Building and Pest Inspections

Written by Nagisa Takaki

Before signing a contract of sale, you may consider making an offer “subject to a building and pest inspection”.

A property may have hidden issues with foundations and roofing, as well as termite infection. Also, a property may have defective drainage issues. The fee for a professional building and pest inspection report will be an additional cost, but the reports may save you a fortune, if it means you end up buying an issue i.e. you may avoid unforeseen repairs.

When is the building and pest condition due?

The building and pest condition date is a critical date. This means that the purchaser’s solicitor/conveyancer must notify the vendor’s solicitor/conveyancer by the due date whether or not the purchaser is happy with the report. The condition is usually due 14 days after the Contract Date.

Under General Condition of the latest REIV Contract of Sale, the purchaser may end the contract within 14 days from the day of sale if the purchaser obtains:

  • a written report from a registered building practitioner or architect, which discloses a current defect in a structure on the land and designates it as a major building defect; and

  • a written report from a pest control operator licensed under Victorian law, which discloses a current pest infestation on the land and designates it as a major infestation affecting the structure of a building on the land.

Who can help to get a building and pest report?

The purchaser should organise access to the property through the real estate agent.

To find a registered building practitioner, please refer to Victorian Building Authority’s web site at

When should building and pest inspection be organised?

As soon as possible! The inspector will need time to do an inspection and then prepare a report to send to the purchaser.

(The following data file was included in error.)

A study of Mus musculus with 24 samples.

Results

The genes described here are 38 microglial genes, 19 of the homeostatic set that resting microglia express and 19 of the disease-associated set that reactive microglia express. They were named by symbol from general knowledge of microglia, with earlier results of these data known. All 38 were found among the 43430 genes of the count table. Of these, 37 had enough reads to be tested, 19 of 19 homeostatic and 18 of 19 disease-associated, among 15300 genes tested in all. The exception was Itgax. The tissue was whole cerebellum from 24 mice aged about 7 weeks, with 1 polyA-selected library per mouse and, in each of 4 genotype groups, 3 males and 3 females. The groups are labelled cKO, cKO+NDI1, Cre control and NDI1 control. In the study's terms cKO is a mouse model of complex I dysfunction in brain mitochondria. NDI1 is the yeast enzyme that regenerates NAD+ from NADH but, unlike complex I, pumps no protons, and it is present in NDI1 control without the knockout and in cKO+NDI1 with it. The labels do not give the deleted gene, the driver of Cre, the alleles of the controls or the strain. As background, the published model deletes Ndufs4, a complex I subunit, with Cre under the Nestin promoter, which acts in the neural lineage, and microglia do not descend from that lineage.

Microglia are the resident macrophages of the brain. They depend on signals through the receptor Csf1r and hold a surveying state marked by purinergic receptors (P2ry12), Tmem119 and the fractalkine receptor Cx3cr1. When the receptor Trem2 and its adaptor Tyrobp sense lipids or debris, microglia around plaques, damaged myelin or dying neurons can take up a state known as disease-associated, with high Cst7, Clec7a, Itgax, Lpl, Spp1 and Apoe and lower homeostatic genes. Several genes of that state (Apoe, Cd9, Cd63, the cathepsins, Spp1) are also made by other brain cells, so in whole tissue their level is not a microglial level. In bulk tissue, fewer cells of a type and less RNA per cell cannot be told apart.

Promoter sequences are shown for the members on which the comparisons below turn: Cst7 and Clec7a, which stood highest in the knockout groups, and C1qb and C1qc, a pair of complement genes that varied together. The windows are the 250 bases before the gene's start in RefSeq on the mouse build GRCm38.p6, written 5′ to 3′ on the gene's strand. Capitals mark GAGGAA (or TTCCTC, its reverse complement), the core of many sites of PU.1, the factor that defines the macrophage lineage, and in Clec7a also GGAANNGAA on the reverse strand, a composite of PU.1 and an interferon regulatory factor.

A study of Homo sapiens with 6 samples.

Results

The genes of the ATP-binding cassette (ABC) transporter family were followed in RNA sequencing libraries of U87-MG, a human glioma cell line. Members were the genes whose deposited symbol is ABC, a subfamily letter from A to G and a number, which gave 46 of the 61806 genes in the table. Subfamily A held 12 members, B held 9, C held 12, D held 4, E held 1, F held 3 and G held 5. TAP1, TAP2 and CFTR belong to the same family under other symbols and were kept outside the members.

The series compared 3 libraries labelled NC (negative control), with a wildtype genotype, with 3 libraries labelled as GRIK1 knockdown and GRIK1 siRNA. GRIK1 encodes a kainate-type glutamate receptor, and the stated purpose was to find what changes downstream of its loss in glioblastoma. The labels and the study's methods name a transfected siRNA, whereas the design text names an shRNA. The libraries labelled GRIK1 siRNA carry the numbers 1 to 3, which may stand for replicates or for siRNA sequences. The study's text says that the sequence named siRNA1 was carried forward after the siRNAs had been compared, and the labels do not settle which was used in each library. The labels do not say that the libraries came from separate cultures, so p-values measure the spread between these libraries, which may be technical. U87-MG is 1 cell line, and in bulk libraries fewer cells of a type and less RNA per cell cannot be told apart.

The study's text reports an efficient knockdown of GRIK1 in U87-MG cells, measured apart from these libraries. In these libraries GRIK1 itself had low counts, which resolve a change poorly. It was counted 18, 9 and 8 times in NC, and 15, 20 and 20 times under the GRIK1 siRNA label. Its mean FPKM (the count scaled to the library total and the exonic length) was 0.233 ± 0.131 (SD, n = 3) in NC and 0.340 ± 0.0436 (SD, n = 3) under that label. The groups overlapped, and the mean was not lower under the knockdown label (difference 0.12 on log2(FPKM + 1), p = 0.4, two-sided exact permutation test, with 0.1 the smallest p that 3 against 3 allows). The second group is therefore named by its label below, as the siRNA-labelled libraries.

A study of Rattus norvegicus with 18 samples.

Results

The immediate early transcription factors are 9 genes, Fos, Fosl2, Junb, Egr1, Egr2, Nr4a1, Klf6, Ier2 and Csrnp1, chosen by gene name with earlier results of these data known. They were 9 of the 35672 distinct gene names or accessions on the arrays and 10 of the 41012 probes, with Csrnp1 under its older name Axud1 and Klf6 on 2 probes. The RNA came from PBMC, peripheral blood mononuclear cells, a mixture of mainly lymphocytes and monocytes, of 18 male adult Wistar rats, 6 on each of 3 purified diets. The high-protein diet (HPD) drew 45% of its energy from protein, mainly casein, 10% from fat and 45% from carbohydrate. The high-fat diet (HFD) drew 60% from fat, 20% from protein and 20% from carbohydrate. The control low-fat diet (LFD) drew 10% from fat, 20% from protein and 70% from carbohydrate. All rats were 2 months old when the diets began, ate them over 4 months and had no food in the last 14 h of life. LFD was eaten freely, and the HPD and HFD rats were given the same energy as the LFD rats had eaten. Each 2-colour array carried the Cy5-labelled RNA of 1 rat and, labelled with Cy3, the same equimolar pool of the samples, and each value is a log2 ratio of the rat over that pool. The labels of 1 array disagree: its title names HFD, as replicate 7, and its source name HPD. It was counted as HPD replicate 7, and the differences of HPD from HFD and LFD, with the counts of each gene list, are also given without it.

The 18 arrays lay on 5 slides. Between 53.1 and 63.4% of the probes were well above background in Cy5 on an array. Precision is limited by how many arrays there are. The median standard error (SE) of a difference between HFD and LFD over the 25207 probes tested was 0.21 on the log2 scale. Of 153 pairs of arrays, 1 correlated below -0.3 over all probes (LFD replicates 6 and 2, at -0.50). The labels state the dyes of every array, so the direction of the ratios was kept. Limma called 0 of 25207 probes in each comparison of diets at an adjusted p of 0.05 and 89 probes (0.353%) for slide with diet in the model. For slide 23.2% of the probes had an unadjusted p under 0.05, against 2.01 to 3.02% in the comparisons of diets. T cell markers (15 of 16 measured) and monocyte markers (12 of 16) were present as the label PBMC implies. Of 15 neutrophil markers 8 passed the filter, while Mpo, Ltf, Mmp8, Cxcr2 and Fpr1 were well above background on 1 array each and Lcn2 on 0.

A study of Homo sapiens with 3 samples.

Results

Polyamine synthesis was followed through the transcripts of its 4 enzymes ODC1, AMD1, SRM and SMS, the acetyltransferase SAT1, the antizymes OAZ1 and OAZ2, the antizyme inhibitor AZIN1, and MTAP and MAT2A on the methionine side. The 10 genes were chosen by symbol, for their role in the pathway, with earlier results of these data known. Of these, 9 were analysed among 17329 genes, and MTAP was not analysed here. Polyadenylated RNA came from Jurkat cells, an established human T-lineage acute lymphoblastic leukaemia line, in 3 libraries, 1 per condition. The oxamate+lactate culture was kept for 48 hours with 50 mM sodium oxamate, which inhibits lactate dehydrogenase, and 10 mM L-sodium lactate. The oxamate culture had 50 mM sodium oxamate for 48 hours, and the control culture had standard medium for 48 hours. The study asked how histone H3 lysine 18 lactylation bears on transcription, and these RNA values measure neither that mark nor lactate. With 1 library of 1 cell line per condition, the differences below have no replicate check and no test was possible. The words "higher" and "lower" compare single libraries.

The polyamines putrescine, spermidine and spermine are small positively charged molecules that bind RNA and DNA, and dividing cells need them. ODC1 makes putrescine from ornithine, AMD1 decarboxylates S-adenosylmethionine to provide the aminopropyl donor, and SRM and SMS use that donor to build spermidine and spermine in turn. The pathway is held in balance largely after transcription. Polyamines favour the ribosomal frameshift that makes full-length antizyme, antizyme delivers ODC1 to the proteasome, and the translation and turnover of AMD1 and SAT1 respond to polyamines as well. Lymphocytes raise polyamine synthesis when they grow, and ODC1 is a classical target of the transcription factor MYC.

What is included in the report?

Building and Pest inspections are an assessment of a property’s condition that is conducted by a qualified inspector.

A qualified building and pest inspector will know what to look for and will see.

A summary of the inspection will be outlined below:

  • Safety Hazard

  • Major Defect

  • Minor Defect

  • Live timber Pest activity

  • Timber Pest damage

  • Conditions Conductive to Timber Pest Activity

  • Evidence of fungal decay activity and/or damage

  • Evidence of wood borer activity and/or damages

  • Evidence of a previous termite management program

What happens if the purchaser terminates the contract under the building and pest conditions?

Under the general condition 21 and 22 of the latest REIV Contract of Sale, the purchaser may end the contract if there is major building defect in a structure and a major infestation affecting the structure of a building only. If a purchaser wishes to terminate the contract, they must provide their solicitor/conveyancer with a copy of the building and pest report. If the purchaser cannot produce the report to the vendor, the vendor will not accept that the termination is reasonable.

The purchaser must be aware of the differences between ‘defects’, ‘structural defects’ or ‘major structural defects’.

Where does the deposit go if the contract is terminated under the building and pest condition?

The deposit will be refunded to the purchaser.

Remember when you purchase at auction, the contract is unconditional and is not subject to any further condition, so you will need to arrange your building and pest inspection to occur before the auction date.

The information provided in this article is general advice only. Should you have any queries, please do not hesitate to contact our office.